July 23, 2014

Ovechkin delivering; rest of Caps — including management — need to pick up the slack

Alex Ovechkin - Washington Capitals practice at Kettler, 3/28/2013 (Cheryl Nichols/District Sports Page)

Alex Ovechkin – Washington Capitals practice at Kettler, 3/28/2013 (Cheryl Nichols/District Sports Page)

On Friday night, with the greatest player in the history of team sport in attendance, the Washington Capitals’ captain, The Great Eight, scored both of the Caps’ goals in a 3-2 loss to the Montreal Canadiens. Saturday, on Hockey Night in Canada at Air Canada Centre in Toronto, Ovechkin recorded the Caps lone tally in a 2-1 shootout loss to the Maple Leafs. Through 22 games, Alex Ovechkin has 20 goals to place him at the top of the leader board in that particular category. Hard as it might be to imagine, it’s the first time in his illustrious career that Ovechkin has been the first player in the league to 20 goals in a season.

The Caps, as whole though, haven’t mirrored Ovechkin’s personal success yet this year, despite their captain being on a pace to record the first 70-goal season in the NHL in forever.

Ovechkin is taking a lot of shots, scoring a high — but based on his history, not outrageously high — percentage of said shots, and generally being the best player on the ice almost every night he laces them up. The rest of the team however, remains a work in progress.

Washington’s next-highest goal scorer is Joel Ward, with nine. Ward’s career high in goals was the 17 he posted in 2008-09, his first full campaign in the league, so it’s unlikely that he continues to score at a 33-goal pace, especially considering his over 20 percent shot success.

The second line’s contribution has been sparse thus far. Troy Brouwer has scored five times; Brooks Laich thrice. Mike Green, bitten by the injury bug once again, has yet to record a goal, though two of Mikhail Grabovski’s seven goals came off tips of Green shots, which were originally awarded to the defenseman, on opening night.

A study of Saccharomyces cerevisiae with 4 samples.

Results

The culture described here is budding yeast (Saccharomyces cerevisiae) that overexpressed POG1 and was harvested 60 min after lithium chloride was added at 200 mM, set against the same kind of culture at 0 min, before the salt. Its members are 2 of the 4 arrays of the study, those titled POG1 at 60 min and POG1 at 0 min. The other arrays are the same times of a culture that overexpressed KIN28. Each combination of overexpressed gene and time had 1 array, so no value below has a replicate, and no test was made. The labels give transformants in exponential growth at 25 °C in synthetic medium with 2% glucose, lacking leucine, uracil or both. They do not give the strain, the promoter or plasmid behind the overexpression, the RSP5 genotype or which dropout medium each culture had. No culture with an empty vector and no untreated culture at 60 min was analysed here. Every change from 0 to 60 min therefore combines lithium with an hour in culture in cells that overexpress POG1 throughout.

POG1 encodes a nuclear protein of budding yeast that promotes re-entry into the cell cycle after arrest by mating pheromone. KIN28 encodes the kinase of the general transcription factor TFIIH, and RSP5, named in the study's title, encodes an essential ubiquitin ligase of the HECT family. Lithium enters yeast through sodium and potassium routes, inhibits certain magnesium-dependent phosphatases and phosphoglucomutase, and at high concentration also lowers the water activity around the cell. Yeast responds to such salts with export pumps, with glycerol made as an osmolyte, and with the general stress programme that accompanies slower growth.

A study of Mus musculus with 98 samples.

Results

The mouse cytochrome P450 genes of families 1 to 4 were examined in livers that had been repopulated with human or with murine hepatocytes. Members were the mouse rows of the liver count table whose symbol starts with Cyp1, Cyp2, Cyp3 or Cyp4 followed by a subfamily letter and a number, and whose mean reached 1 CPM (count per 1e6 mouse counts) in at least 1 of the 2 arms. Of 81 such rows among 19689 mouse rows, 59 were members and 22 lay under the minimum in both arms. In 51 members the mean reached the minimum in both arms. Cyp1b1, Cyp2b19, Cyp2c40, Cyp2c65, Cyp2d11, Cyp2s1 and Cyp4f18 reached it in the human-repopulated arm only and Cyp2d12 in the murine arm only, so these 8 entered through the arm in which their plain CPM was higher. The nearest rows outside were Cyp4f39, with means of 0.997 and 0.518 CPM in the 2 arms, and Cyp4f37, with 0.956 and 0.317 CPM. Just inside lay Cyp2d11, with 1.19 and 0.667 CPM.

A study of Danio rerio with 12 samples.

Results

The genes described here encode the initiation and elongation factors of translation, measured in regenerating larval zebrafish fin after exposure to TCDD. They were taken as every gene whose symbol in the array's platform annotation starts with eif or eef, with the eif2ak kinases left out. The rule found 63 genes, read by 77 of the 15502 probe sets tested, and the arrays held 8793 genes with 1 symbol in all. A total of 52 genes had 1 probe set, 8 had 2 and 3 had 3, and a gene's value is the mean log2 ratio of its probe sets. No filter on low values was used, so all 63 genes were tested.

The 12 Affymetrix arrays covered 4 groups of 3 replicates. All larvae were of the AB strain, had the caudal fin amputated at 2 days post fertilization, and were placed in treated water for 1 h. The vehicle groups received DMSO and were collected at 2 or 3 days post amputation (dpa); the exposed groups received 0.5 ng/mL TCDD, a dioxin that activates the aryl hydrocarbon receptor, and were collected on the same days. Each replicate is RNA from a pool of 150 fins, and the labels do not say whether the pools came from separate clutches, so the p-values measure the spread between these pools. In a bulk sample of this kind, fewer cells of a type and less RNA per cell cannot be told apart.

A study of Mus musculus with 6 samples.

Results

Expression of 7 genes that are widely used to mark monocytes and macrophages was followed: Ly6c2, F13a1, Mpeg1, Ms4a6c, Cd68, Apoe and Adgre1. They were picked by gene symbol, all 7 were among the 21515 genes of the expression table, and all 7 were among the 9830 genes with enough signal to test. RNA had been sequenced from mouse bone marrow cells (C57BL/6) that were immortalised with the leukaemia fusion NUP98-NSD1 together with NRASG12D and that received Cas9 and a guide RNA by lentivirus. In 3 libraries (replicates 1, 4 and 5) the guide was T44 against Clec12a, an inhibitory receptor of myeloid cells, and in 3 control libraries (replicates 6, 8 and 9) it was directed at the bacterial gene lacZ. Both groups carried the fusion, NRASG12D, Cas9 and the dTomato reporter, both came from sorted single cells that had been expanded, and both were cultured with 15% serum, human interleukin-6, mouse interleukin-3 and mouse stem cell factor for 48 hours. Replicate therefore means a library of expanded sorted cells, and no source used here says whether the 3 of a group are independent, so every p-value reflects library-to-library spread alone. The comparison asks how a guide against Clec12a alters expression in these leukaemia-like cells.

It’s kind of been an age-old story around these parts since the start of the Ovechkin era. Where will the secondary scoring come from? When will they learn to play defense? Will the goaltending, strong enough in the regular season, carry over to the second season?

The Capitals defensive struggles are well documented. On any given night right now, half the dressed defenders didn’t start the season on the big club. One was waived by a division foe. One’s a 27-year old minor league journeyman. Another is a 29-year old AHL veteran. One was a college free agent signee last year. Several have been legitimate NHL rookies, including 19-year old Connor Carrick, who was sent down to Hershey just three games in.

Raise your hand if you had Steve Oleksy, Nate Schmidt, Alexander Urbom or Tyson Strachan being nightly contributors to the Capitals in this, Ovechkin’s age 28 season.

Liar.

All the while, a legitimate Top-4 prospect named Dmitry Orlov bides his time riding the shuttle between Hershey and D.C., yet to suit up for the big club this season,

Whatever you want to think of GM George McPhee’s asset management this season, especially on the blue line, you’re probably justified. If you want to think he’s waiting out the competition until the trade deadline to steal a Top-4 D-man from a second division team, good for you. If you think he’s squandering precious games during the regular season when the Caps could be building a home-ice advantage for the playoffs, you’re justified as well.

It was a real crapshoot for the Caps to have started the season depending on Jack Hillen, John Erskine and Carrick, then filling in the gap with the rest when those players didn’t pan out due to injury or inexperience. The ramifications might not be fully known until the spring.

One thing is for certain: Ovechkin is holding up his end of the bargain. It’s up to the rest of the Caps, and to McPhee and Adam Oates, to find the right parts to supplement Ovechkin’s contributions. Otherwise, at the end of the season we’ll once again be lamenting another incomplete season in the prime of Alex Ovechkin’s Hall of Fame career.